Out Now On-Demand

Wadjda, a young Saudi Arabian girl, challenges her country's conservative traditions by facing off against her neighbour in a bike race. With bike-riding frowned upon for Saudi girls (it is also illegal for women to vote or drive), her mother refuses to buy it for her, so Wadjda finds other ways of getting the money. This is the first feature to be directed both entirely in Saudi Arabia and by a Saudi woman (Haifaa Al Monsour), no small feat for a country that banned cinemas for over 30 years.



Winner of 'CinemAvvenire', C.I.C.A.E. and Interfilm awards at Venice Film Festival 2012

Drama, World Cinema


Rating: PG

Arabic with English subtitles

Saudi Arabia

Official Site

Not many feature films have been made in Saudi Arabia. Even more remarkable in a patriarchal, totalitarian society is Wadjda, the first Saudi film to be scripted and directed by a woman, Haifaa Al-Mansour. It’s a simple tale, boldly shot and simply told. Young Wadjda dreams of getting a bicycle and racing her best friend, Abdullah. No big deal for us, but for a girl in Riyadh, riding a bike and associating with boys are immoral acts.

Seen through our eyes, the sought-after bike is a metaphor for freedom, in a fable of repressed female individuality. But Wadjda’s subversive brilliance is its clever tightrope trick, walking the thin line between critical analysis of the position of women and a moral tale of the dangers of female freedom.

Wadjda, played by spirited 12-year-old Waad Mohammed, sets about raising cash, selling mixtapes and friendship bracelets, and even faking interest in a cash-prize competition to recite the Qur’an. What we read as young Wadjda’s blossoming feminism could be argued, by fundamentalists, as her descent into immorality and deceit as means to purchase the soulless object of her desire.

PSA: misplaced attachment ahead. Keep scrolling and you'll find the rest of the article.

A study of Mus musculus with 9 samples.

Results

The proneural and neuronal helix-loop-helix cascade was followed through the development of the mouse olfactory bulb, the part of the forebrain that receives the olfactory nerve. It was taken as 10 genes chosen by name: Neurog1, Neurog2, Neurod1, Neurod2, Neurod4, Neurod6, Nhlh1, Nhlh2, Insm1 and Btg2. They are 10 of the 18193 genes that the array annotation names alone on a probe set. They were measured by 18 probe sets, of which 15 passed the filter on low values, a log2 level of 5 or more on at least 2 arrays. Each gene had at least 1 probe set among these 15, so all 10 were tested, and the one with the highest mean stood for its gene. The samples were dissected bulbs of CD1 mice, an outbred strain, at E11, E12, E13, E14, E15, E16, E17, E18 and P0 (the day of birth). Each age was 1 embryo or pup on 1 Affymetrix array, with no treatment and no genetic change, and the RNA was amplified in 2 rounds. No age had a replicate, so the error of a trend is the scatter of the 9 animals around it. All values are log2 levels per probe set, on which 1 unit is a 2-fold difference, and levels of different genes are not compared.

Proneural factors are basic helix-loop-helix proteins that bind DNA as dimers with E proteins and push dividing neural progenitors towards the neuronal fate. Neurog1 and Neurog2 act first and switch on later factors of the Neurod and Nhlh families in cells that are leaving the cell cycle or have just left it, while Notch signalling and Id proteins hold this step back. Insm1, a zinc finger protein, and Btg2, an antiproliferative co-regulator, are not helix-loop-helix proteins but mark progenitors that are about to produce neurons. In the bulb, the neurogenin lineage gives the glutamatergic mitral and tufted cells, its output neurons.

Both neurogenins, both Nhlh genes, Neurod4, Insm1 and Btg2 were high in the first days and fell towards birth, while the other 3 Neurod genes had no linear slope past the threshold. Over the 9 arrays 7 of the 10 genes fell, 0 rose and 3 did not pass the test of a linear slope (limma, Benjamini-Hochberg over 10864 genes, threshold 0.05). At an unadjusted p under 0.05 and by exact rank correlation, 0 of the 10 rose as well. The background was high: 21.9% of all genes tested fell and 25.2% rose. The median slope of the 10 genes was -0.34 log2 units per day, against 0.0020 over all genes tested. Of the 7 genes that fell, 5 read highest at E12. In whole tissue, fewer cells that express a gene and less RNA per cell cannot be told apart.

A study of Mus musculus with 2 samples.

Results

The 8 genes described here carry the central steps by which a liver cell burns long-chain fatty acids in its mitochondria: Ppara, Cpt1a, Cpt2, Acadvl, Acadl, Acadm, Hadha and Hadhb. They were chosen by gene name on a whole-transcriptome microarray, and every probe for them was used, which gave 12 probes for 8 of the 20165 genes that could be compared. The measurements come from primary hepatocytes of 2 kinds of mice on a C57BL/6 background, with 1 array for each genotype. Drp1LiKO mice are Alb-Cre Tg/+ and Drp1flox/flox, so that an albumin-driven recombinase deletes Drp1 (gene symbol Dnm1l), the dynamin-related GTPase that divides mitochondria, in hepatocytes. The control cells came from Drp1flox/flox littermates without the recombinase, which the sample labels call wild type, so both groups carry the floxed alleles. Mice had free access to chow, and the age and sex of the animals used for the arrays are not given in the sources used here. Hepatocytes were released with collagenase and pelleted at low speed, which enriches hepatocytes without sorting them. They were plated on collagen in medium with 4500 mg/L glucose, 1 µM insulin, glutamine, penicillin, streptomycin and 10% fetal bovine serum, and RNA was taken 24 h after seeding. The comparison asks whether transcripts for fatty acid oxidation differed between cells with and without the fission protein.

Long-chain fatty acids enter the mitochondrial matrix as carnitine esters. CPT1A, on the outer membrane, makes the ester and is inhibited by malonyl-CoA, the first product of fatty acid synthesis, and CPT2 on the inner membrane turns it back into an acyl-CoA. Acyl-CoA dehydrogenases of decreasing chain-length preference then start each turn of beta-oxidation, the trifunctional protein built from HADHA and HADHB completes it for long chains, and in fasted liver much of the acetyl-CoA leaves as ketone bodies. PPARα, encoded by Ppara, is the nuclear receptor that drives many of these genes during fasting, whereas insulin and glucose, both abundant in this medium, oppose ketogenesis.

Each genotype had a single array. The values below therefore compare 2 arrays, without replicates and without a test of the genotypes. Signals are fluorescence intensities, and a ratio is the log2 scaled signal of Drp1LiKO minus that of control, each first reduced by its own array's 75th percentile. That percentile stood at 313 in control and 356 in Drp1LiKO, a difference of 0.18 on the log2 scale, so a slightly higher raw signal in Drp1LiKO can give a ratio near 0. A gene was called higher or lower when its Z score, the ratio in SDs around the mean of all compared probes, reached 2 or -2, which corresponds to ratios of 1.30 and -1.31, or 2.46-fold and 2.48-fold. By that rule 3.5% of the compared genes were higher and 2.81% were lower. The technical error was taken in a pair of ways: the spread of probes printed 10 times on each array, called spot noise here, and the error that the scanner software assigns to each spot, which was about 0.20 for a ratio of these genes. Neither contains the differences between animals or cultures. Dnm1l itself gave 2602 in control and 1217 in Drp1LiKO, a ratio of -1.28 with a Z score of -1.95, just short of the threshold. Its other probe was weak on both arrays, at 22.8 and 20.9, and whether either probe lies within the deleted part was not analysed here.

Set against a backstory in which Wadjda’s father is seeking a second wife, so that he might have the son Wadjda’s mother so selfishly failed to give him, this is bold storytelling, cleverly circumventing censorship to secure its place in history as a watershed moment in Saudi cinema. That it’s also engaging, sweet, humorous and moving is no mean feat.

Variety (USA)


Al Mansour captures the isolation of Saudi women and their parallel lives of freedom at home and invisibility outside.

Dissolve (USA)


An object of stark beauty, an oasis of free-spirited cinema emerging from the desert.

Time Out New York


There’s lots of crowd-pleasing triumph at the end of Wadjda’s gauntlet.

Total Film (UK)


Al-Mansour carefully dodges easy uplift, but her message of hope to future generations of Saudi women is clear.

Guardian (UK)


You'd need a heart of stone not to be won over by Wadjda

Empire (UK)


As simple and charming as you could wish for.

New York Times


Finds room to maneuver between harsh realism and a more hopeful kind of storytelling. There is warmth as well as austerity.


Loved this film. Cried a lot. Very emotional, inspiring and wonderfully directed.

I want to ride my bicycle

The plot is: child wants a toy, what lengths will she go to, to get it. Which might be boring except that Wadjda is charming, inventive and stubborn; and the child in us wants her to succeed in getting a bike of her own, so she can race the boy next door. Actually everyone in this film wants something, as gradually becomes clear as we over hear Wadjda's mother's phone conversations and learn what is going on in the adult world. The small cast, the phone conversations and limit set of locations gives a sense of the claustrophobia of life for women and girls in Saudi society. But you don't come out of this film wanting to write an angry letter to the Saudi embassy, rather you think that though the rules of life may be very different, people (especially kids) are just the same.